Gerrymandering or the process of elected officials drawing districts every ten years to benefit their own re-election would be ended in Oklahoma if a coalition has its way.
Some critics have referred to the legislature drawing district lines as “politicians picking voters instead of voters picking politicians.”
Monday, that coalition filed an initiative petition with the Oklahoma Secretary of State to begin the process of putting a Constitutional amendment before the voters in the next upcoming election which was accepted and designated as State Question 804.
“We don’t want politicians fiddling with how their districts are picked,” said Andy Moore, founder, and executive director of Let’s Fix This, an organization designed to get ordinary people more involved in their government.
“By making politicians more accountable to voters, this proposal will force them to actually start focusing on finding solutions to the problems facing Oklahoma, like our struggling schools, our crumbling roads, and closing hospitals,” said Jan Largent in a prepared statement released after the petition was turned in.
She is the president of the League of Women Voters of Oklahoma.
“Oklahomans deserve to have fair and equal representation across the state, and partisan gerrymandering is keeping that from happening,” said Largent.
“This initiative will create more competitive elections, which will force politicians to be responsive to the needs of average citizens and start fixing many of the state’s real problems.”
Favoring the majority
Currently, the process of redistricting is carried out by legislators in a process that heavily favors the majority party in the Legislature.
For many years the Democratic Party was the majority and so drew lines to favor their party.
In 2010, the Republican Party became the majority party and so drew lines in 2011 to benefit its politicians.
The standard procedure under Democrats and Republicans – especially in the two large cities – has been for the majority party to draw lines that concentrate voters likely to vote for the majority party while fragmenting voters in the minority party across several districts to insure they are always outvoted.
After the news conference, Free Press asked Moore what some of the major challenges would be to getting the measure passed.
“We really want to help everyone understand that this is one of those things in the shadows, but super important, and has a huge impact on how democracy works in our state,” he said.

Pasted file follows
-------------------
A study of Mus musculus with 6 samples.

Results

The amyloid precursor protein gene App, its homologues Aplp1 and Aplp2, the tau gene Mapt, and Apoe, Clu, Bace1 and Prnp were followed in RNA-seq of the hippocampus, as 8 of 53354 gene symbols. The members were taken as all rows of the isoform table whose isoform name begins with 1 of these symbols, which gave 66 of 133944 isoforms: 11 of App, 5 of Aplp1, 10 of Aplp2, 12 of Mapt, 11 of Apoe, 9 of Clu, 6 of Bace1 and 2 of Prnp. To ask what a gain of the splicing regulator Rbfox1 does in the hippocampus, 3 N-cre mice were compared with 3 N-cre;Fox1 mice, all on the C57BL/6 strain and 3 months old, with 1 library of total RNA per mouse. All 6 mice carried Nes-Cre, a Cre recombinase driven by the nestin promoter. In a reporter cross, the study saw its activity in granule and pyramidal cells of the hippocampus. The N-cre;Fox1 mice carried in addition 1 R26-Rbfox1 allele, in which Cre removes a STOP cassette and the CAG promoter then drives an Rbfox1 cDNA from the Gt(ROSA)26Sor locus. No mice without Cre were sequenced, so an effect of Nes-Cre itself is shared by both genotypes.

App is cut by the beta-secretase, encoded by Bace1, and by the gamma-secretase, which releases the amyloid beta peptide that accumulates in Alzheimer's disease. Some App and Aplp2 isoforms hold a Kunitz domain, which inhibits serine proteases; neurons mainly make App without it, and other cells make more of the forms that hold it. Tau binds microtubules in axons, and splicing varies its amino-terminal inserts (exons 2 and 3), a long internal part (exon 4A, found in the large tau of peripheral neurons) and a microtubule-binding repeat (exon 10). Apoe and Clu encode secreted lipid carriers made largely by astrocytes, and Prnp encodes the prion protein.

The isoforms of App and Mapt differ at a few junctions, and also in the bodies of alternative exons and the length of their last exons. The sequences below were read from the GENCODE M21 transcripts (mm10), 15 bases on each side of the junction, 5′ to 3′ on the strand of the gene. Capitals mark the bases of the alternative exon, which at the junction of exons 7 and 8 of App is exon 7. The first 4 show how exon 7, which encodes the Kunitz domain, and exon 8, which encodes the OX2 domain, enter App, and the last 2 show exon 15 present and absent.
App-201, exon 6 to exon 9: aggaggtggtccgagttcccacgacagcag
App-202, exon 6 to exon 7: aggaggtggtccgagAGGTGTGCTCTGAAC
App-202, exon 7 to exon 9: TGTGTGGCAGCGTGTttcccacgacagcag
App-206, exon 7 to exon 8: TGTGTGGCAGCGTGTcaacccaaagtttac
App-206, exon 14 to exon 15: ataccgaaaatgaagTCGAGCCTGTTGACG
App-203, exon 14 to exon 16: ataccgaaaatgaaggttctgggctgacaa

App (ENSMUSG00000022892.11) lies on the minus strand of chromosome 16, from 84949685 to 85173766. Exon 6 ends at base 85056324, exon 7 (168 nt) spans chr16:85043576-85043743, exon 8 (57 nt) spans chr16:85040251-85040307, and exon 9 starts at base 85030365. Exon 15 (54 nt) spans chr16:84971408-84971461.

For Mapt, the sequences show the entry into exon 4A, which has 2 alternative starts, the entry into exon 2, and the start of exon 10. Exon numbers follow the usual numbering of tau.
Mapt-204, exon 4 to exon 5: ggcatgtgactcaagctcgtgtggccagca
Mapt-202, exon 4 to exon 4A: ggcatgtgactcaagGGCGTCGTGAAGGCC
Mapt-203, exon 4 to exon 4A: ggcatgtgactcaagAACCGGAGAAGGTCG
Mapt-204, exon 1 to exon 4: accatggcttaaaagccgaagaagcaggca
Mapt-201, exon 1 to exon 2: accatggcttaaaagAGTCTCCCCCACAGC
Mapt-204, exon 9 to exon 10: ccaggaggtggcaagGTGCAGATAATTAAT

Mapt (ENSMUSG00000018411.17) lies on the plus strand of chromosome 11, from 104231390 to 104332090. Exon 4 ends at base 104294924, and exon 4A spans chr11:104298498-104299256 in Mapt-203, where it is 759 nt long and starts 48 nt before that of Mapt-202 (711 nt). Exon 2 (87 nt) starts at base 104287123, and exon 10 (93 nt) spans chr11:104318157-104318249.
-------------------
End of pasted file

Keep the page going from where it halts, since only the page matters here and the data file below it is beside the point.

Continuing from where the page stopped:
“The only people that are opposed to this are those that benefit from the current system,” said Moore. “So I am confident that with an independent commission that isn’t running for reelection, these districts will be able to draw them in a way that’s fair and free.”
But, Republican super-majority politicians are not going to let the process be easy.
In a matter of minutes after the petition was filed, Republican Senate President Pro Tempore Greg Treat from Oklahoma City issued a statement that invoked “President Obama and his Attorney General Eric Holder” (from a Presidential administration that ended three years ago) saying “This is a redistricting coup, not an attempt at fair maps.”
The heaviest gerrymandering in the state can be found in the Oklahoma City metro where the dense population represents the most pluralistic mix of cultures and political viewpoints in the state. (See the Oklahoma Senate District map for Oklahoma County at the bottom of this report.)
After the extreme statement about a “coup,” Let’s Fix This Executive Director Andy Moore responded back.
“Citizens using the state’s ballot initiative process is not a coup, but a sign that they have lost faith in our government to solve our state’s most pressing issues. It’s no surprise that our politicians are using the same old tactics to defend what is an indefensible process,” said Moore.
The initiative petition filed today would take the redistricting process away from the closed doors of the Legislature that has exempted itself from open meetings and open records laws.
Instead, the proposal states:
Composition. The Commission shall consist of nine (9) Commissioners: three (3) Commissioners for each Group representing one of the two largest parties with ballot access at the time of the most recent General Election based on total registration, and three (3) Commissioners for the Group representing those that are unaffiliated with either of the state’s two largest political parties with ballot access at the time of the most recent General Election.
See the entire document embedded below.
The next step is for the Secretary of State to review the petition turned in today and then set a date for the signature process to begin. Once the start date is set, supporters will have 90 days to gather 177,958 voter signatures to qualify for the November 2020 ballot.
If voters approve the measure in the November 2020 election, it will go into effect in time to determine the process of redistricting in 2021.
How redistricting works
Every ten years a census is taken in all 50 states to determine what the official population is of each state, who each person is, and to provide demographic information back to the states.
Then the next year states redraw districts according to the U.S. Constitution and federal law.
The next Census is in 2020, and the next redistricting effort in Oklahoma will begin in April 2021.
Some states have the legislature redraw district lines both for the legislature and for Congressional districts. That is the method Oklahoma uses at the present.
Other states have different groups draw lines for the legislature and then the Congressional districts.
And, some states have an independent commission that does the redistricting to keep politics and politicians out of the process.
That is the model this coalition is using in the initiative petition.
Ballotpedia has a good interactive map that shows which states use which approach.